Managing Stress Through Mindfulness

A month ago, I had the opportunity to attend a PRSA Masters event on managing stress through mindfulness featuring M.J. Clark, a professional speaker and leadership consultant. The content was immediately useful and, as I find myself continuing to put the learnings into practice, I thought it could be a solid addition to our library of blog content designed to help us all communicate better.


The speaker started out by sharing the scientific differences in how men respond to stress vs. women. The typical male response is what we’ve all heard before: fight or flight. The female response to stress, however, may be quite different and can be summed up as “tend or befriend.” According to a study of women’s stress responses in 2000, women typically react to stress by talking to others, organizing and keeping busy. This was a huge “aha” moment for me, to quote Oprah! The cortisol that enters our bodies when stressed can cause women to feel more social, crave physical touch and experience greater empathy. Clark encouraged women to be aware of their needs in stressful situations and to take a lunch break, volunteer or talk with others to allow the natural stress response to flush stress chemicals from the body. When we help or care for other people, it also helps alleviate stress. Interestingly, men’s testosterone tends to blunt cortisol, so they don’t share this response to stress.


While technology has helped business and communications immeasurably in recent years, tech can also be a source of great stress. Clark urged that being a “constant checker” of email or social media at all hours actually creates more stress and is therefore counterproductive. She recommends that people be mindful of their tech use and how it affects them. She suggested periodic digital detoxes, no phones during meals or family times, and also taking a hard look at how constantly checking tech devices may be causing disconnection in relationships at home or at work.


Clark cited a TED talk by health psychologist Kelly McGonigal about how to make stress your friend. According to McGonigal, stress only harms us if we believe it does. Stress is our body’s way of telling us to act, and if we can rethink how we react to typical physical stress signs by considering it our body getting “pumped up” or energized instead of scared or alarmed, it can improve our health. Next time you feel stressed, tell yourself you actually feel excited - this can have a positive impact on your body and heart.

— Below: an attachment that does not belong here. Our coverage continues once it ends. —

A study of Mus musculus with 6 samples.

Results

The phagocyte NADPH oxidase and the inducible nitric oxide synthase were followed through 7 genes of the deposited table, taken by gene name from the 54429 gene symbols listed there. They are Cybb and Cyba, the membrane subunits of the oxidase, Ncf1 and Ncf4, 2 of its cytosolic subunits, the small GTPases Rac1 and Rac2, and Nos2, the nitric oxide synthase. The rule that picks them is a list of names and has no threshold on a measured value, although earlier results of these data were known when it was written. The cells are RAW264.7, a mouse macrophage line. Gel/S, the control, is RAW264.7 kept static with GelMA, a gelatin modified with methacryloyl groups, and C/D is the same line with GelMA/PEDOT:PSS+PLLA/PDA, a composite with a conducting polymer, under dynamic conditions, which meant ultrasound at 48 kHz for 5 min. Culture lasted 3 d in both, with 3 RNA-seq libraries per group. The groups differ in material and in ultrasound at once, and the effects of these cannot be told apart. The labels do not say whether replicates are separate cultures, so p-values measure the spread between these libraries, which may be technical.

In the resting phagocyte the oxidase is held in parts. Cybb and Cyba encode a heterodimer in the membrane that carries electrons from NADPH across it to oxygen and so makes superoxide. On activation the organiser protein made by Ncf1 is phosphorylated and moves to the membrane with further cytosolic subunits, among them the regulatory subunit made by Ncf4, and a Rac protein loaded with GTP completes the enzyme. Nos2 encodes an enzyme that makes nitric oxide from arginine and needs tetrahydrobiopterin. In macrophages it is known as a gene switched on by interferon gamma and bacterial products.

The speaker walked us through various “power poses” which can help people to feel more confident and less stressed. She said that by taking up more physical space and opening your body, you can actually light up the courage center in your brain. It’s been proven that you can influence your body’s stress response by striking a power pose for just two minutes. Do this before a big meeting, presentation or other stressful situation! Clark reminded us that the emotional side of the brain and cognitive side of the brain can’t both function well at the same time. By being aware of this, and by calming the emotional side of our brain during stressful situations, we free up and activate our cognitive abilities. She talked about mindful meditation and Buddhist principles for calming the mind. This involves non-judgmental awareness of what’s going on around us, along with mental attention to events, thoughts and feelings. Mindfulness meditation can calm the body, decrease stress, enhance self-insight, boost immunity and aid self-compassion. Another tip was to attempt mindful, meditative breathing for five minutes a couple times a day. She offered that mindfulness and changing our self-beliefs could help us deal with daily stress at work or while commuting. Instead of becoming angry and frustrated during a traffic-filled drive to work, for example, we could change our mindset to,“I’m lucky to have an hour in the car alone to blast my music, listen to podcasts or simply be alone with my thoughts.” I have been trying to incorporate this thinking into my commute, and I can testify that it helps!Overall, I found these ideas on mindfulness and self-awareness personally useful and worth sharing. If we all practice a bit more mindfulness and self-reflection, it can’t help but go a long way in helping us also communicate better! Do you have tips that you’ve found help you be more mindful or communicate better? Let us know in the comments or over on Facebook!